7/18/10

Between drug stores and Shutterfly there was FOTOMAT


Yes, at one point we even became too lazy to walk into a photography store or the drug store to drop off our film to get it developed. And we hadn't quite reached the laziness of simply uploading our digital images and awaiting the package in the mail. Between all of that there was Fotomat.


For anyone too young to remember Fotomat think of a drive-thru coffee place, but for photos. Little booths out in the middle of parking lots with some lost soul sitting inside with a transistor radio playing, patiently waiting for someone, anyone, to drive-up to drop off film or pick-up prints. And there they sat on rainy days in those little booths by themselves.
Fotomat was a once widespread retail chain of photo development drive-thru kiosks located in shopping center parking lots. Fotomat Corporation was founded by Preston Fleet in San Diego, California, in the 1960s, (the first kiosk was opened in Point Loma, California, in 1965), and became a public company in 1971 and listed on the New York Stock Exchange (NYSE) in 1977. At its peak around 1980 there were over 4,000 Fotomats throughout the United States, primarily in suburban areas. Fotomats were distinctive for their pyramid shaped gold-colored roofs and signs with red-lettering, usually positioned in a large parking area such as a supermarket or shopping mall, as the Fotomat huts required a minimal amount of land and were able to accommodate cars driving up to drop off or pick up film. They sold Kodak-brand film and other photography related products and promised one-day photo finishing. Fotomat often hired female employees to work in the small buildings and called them "Fotomates." The Fotomate uniform was a royal blue and yellow smock top. Male employees were called "Fotomacs" and their uniform was a light blue polo shirt.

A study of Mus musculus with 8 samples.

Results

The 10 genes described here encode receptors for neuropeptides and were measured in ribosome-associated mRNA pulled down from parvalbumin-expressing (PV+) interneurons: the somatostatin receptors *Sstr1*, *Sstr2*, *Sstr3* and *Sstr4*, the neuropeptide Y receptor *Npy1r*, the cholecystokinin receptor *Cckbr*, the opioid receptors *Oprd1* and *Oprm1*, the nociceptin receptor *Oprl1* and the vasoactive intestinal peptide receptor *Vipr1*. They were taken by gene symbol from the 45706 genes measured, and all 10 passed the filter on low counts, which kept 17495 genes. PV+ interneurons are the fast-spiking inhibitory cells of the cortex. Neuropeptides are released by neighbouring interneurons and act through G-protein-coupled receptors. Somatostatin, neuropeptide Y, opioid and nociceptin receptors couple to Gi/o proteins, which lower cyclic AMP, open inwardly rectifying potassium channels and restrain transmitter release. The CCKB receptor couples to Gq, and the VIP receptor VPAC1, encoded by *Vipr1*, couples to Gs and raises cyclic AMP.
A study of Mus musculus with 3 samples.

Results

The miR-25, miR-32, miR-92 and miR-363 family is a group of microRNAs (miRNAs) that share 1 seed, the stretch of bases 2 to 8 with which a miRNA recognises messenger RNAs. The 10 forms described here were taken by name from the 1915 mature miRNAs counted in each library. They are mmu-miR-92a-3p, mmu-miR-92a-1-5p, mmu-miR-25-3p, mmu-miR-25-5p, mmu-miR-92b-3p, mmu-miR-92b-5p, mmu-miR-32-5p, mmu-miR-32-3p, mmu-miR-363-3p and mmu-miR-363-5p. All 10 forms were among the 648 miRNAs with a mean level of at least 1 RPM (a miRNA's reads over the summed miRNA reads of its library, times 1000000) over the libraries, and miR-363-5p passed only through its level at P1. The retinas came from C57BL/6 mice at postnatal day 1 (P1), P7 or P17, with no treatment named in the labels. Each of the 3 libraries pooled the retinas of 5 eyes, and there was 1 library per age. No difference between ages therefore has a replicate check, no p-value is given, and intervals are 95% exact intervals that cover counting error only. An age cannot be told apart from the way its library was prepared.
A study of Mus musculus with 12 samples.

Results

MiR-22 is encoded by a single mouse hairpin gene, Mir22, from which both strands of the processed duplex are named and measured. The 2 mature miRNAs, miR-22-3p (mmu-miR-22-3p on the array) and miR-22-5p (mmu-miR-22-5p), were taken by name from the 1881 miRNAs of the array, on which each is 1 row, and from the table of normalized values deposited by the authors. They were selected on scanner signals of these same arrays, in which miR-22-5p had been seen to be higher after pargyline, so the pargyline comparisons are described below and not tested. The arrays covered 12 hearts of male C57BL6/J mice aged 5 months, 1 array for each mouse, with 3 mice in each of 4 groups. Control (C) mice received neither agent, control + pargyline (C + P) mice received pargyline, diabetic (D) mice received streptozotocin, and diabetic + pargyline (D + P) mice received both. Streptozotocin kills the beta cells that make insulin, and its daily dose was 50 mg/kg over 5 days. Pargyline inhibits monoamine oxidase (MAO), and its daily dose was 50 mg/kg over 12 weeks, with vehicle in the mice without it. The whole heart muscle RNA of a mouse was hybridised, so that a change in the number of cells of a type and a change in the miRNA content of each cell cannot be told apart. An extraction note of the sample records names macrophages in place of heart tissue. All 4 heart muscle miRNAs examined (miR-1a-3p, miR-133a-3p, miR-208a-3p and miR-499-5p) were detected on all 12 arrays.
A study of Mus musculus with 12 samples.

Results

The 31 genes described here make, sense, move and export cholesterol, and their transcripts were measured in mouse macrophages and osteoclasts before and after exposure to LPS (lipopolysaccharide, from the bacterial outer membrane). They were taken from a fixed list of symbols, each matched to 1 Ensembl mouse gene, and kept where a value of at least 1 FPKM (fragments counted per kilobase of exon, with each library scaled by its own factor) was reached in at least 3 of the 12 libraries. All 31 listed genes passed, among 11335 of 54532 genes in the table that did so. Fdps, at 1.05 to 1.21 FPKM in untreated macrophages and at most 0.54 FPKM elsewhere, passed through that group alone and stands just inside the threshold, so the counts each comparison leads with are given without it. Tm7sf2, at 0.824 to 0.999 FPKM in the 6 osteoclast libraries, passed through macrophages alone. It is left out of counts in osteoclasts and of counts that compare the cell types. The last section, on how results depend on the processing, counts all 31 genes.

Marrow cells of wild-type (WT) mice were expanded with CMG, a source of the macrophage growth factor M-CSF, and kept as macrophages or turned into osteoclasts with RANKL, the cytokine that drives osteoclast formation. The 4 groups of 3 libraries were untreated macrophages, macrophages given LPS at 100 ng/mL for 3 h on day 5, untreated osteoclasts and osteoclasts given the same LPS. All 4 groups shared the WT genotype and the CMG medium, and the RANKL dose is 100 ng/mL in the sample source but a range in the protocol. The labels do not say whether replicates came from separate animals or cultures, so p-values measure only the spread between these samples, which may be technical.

Fotomat had both company-owned stores and franchises. This led to lawsuits between Fotomat and its franchisees over territories.
In the early 1980s, Fotomat Corporation was acquired by Konishiroku Photo Industry Ltd., which sold it to Konica Photo Imaging in 1986. It was later sold to Viewpoint Corporation in 2002.

The company's main product, one-day development, was made obsolete by one-hour photo development. Fotomat's main product has since become the online digital photo software site Fotomat.com which, as of July 2009, has announced that it will discontinue the online service on 1 September 2009. Users will still be able to maintain their local albums through the toolbar, though after 1 September all online functions will end. Fotomat's message recommends that online customers switch to the Kodak Gallery service.

Fotomat has made some sparse appearances in American popular culture, namely the well-known hut with the yellow mansard roof. A similar business was ruined in the opening scene of Police Academy, although that photo hut was in the shape of a gigantic camera (to likely avoid an obvious reference). In That '70s Show, Steven Hyde works at the parodied "Fotohut" under his hippie boss Leo. (SOURCE: Wikipedia)
And so it goes. Good idea one day, out of business the next. Innovation. Obsolescence. But the next time you're looking at some vernacular photos at a flea market dating from the 1960s or later stop and think that maybe some poor soul in one of the Fotomat booths once touched them.

7 comments:

  1. Oh my goodness what a blast from the past.
    I completely forgot about these, although I only went there a few times.






    When I was in high school, my summer job was as an assistant in a small town camera shop. I remember the summer well when we cut the drop-off/pick-up interval for photo finishing from one week to three days and then almost immediately to one day service. Of course that garish new “Color” film had to be “sent off.”